Northern Saw-whet Owl

On the wild side—February, 2013

by Tina Mitchell

I first heard him on a frosty mid-January night in 2009; he called most nights until the middle of May.  Then he was gone.  No breeding success for him that year, I guess.  Winter 2010, not a sound; winter 2011, not a sound.  In February, 2012, though, I heard one again.  Over the next 3 weeks, I’d hear him every night—an incessant call of one-note “toots”— advertising for a mate.  This time, the caller would succeed and lead me into even more encounters with these little sprites—Northern Saw-whet Owls.

NSWOWhen most people think of owls, they probably picture the “giants” of this family—the Great Horned Owls, Barn Owls, or perhaps the Snowy Owl of Harry Potter fame.  But Colorado plays host to some diminutive owls too.  A winsome, and surprisingly ferocious predator—at least if you’re a deer mouse—the Northern Saw-whet Owl’s wide, almost heart-shaped head sits atop a chunky body and a stub of a tail, measuring about 8” tall in all.  Broad brown streaks cover its white chest and a white V stretches between the yellow eyes.  Should you ever see one, you might have to fight an urge to pop this munchkin into your shirt pocket.

These little owls inhabit pinyon/juniper woodland as well as some ponderosa pine woodlands.  If you wander through conifer stands during winter, you might spot this gnome, sitting very still, perched close to a tree trunk.  But don’t count on it, since their cryptic coloring allows them to blend into the nearby trunk beautifully.  Probably the easiest way to locate a saw-whet is to listen.  After dark early in the breeding season, a male gives a steady series of toots—1 or 2 toots per second—that may go on for hours with scarcely a break for a breath.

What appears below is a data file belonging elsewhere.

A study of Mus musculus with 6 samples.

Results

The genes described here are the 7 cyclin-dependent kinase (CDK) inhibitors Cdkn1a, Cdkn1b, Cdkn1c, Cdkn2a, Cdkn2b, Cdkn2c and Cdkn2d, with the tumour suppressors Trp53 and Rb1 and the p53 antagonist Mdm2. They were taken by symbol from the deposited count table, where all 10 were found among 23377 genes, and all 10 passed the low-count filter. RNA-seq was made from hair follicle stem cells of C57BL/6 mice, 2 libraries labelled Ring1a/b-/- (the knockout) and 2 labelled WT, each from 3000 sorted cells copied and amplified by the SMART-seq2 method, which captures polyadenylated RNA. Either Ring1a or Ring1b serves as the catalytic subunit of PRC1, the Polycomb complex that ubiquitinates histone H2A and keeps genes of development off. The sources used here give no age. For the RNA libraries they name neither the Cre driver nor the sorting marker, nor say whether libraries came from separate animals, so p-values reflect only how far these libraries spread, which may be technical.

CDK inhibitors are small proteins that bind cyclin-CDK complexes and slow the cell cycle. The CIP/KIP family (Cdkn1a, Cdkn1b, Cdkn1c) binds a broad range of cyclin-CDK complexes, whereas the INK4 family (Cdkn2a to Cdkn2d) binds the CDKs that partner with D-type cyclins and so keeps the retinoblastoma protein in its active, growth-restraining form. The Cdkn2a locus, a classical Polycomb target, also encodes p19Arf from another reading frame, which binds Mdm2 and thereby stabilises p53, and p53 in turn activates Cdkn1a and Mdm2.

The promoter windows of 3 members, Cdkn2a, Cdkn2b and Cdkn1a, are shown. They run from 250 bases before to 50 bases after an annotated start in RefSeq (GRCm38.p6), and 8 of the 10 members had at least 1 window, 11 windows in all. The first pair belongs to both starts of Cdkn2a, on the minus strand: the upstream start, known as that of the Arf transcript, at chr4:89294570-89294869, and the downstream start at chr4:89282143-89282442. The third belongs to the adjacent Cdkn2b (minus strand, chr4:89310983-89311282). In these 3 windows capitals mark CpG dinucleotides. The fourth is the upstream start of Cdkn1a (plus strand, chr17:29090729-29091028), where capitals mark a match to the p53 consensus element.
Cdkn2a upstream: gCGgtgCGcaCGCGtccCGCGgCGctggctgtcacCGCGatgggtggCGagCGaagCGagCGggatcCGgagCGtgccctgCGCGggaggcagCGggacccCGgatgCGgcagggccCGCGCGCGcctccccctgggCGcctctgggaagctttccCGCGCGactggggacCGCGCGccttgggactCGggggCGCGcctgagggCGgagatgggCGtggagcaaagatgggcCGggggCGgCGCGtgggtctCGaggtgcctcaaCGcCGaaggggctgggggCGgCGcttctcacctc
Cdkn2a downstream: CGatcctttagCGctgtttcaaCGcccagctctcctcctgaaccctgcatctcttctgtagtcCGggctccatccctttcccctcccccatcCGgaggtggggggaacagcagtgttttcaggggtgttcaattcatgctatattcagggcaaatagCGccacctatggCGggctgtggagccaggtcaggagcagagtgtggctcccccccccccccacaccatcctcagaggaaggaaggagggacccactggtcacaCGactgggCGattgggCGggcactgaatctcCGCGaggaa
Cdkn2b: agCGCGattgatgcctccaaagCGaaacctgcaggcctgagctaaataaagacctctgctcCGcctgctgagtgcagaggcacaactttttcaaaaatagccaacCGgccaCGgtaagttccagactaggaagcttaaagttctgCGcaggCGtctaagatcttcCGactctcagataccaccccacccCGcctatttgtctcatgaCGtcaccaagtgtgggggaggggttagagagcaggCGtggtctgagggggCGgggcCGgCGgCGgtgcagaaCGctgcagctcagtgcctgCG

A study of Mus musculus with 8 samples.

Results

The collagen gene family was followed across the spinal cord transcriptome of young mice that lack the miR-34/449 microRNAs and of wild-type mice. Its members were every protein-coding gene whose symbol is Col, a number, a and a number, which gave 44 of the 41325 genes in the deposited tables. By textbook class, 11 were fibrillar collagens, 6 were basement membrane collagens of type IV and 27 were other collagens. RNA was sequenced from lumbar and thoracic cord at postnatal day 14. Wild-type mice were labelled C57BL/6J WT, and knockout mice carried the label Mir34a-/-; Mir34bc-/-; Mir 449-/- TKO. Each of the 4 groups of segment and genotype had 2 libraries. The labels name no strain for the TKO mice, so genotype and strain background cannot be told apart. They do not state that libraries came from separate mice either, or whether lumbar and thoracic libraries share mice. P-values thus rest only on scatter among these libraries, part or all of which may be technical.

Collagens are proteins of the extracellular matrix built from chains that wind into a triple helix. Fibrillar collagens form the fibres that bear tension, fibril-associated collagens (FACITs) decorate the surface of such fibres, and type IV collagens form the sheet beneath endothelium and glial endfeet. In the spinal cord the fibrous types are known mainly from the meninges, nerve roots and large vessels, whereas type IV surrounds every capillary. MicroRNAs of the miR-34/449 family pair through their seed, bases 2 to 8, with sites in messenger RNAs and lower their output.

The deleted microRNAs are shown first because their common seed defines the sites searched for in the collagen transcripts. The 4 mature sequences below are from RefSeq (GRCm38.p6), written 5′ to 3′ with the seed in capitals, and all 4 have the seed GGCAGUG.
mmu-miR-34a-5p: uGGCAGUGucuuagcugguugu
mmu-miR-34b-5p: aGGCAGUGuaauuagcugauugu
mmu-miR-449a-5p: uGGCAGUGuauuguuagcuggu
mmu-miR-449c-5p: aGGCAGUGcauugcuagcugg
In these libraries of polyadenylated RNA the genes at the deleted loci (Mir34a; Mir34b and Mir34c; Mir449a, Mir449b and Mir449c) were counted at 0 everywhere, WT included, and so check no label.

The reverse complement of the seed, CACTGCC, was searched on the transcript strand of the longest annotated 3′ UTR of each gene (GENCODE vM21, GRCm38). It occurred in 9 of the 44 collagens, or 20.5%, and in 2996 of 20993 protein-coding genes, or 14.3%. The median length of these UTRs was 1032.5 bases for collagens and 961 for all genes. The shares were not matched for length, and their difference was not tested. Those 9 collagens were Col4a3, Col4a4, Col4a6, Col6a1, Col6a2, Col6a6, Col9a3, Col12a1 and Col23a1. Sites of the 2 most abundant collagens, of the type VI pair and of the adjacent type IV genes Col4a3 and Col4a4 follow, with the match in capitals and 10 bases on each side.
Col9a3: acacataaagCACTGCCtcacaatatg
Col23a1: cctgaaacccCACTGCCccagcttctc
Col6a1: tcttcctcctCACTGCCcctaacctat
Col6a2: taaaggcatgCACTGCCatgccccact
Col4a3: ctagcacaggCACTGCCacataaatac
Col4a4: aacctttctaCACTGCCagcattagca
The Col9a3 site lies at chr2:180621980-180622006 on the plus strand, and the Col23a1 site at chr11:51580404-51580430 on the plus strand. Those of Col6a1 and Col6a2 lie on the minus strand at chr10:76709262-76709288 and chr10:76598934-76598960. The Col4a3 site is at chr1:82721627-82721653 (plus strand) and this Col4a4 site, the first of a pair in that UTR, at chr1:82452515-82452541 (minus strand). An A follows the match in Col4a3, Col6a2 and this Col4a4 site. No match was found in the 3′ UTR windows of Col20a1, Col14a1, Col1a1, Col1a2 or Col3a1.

Breeding season begins very early for these sprites:  A male typically starts calling in February and eggs can be laid as early as March.  The female lays 4 – 6 eggs, about 2 days apart. Only the female incubates the eggs.  In fact, she remains on the nest with very few breaks from the time she lays the first egg until the youngest nestling is fully feathered and can keep itself warm (called “thermoregulation”)—roughly 18 days after hatching.  The male supplies food for her and the nestlings throughout this entire period.  The eggs hatch asynchronously, about 27 – 29 days later, in the order in which they were laid.  As a result, nestlings in the same brood can differ as much as 7 to 10 days in age and development.  They leave the nest after 4 or 5 weeks and remain together near the nest to be fed, mostly by the male, for another 4 weeks.

A saw-whet’s diet consists predominantly of small rodents, with a special preference for deer mice.  It also takes other species of mice, woodrats, chipmunks, young squirrels, and sometimes even smaller birds and large insects.  The saw-whet hunts at dusk or through the night, peering and listening from low perches and swooping down on prey.

The Northern Saw-whet Owl’s scientific name—Aegolius acadicus—comes from Greek:  aegolius, referring to a type of owl, and acadicus, referring to where the first saw-whet owl to be named was found (Acadia, Nova Scotia).   Similarly, its common name contains reference to the owl’s natural range in the U.S. (“northern”); “owl” likely comes from the Anglo-Saxon word ule, meaning “owl.”  Most interesting, though is the term “saw-whet.”  Early taxonomists thought that the male’s call sounded like the noise made when manually sharpening a saw on a whetstone.  Never having heard this sound, I’ll have to take their word for that.

So for the next few weeks, I’ll go outside with the dogs for one last time around 9:30 p.m. and I’ll listen.  Really hard.  Really, really hard.  Last winter’s calling male indeed found himself a lady friend and they set up housekeeping in one of our larger nestboxes.  She laid 4 eggs, 3 of which hatched into totally adorable nestlings.   And for a few weeks of nestbox monitoring during April and May, I got to spend a bit of up-close-and-personal time with this family.  You can read about my trials, tribulations, and anxieties of dealing with this new species; see lots of photos; hear a clip of this call; and learn even more about this wonderful creature of the night here.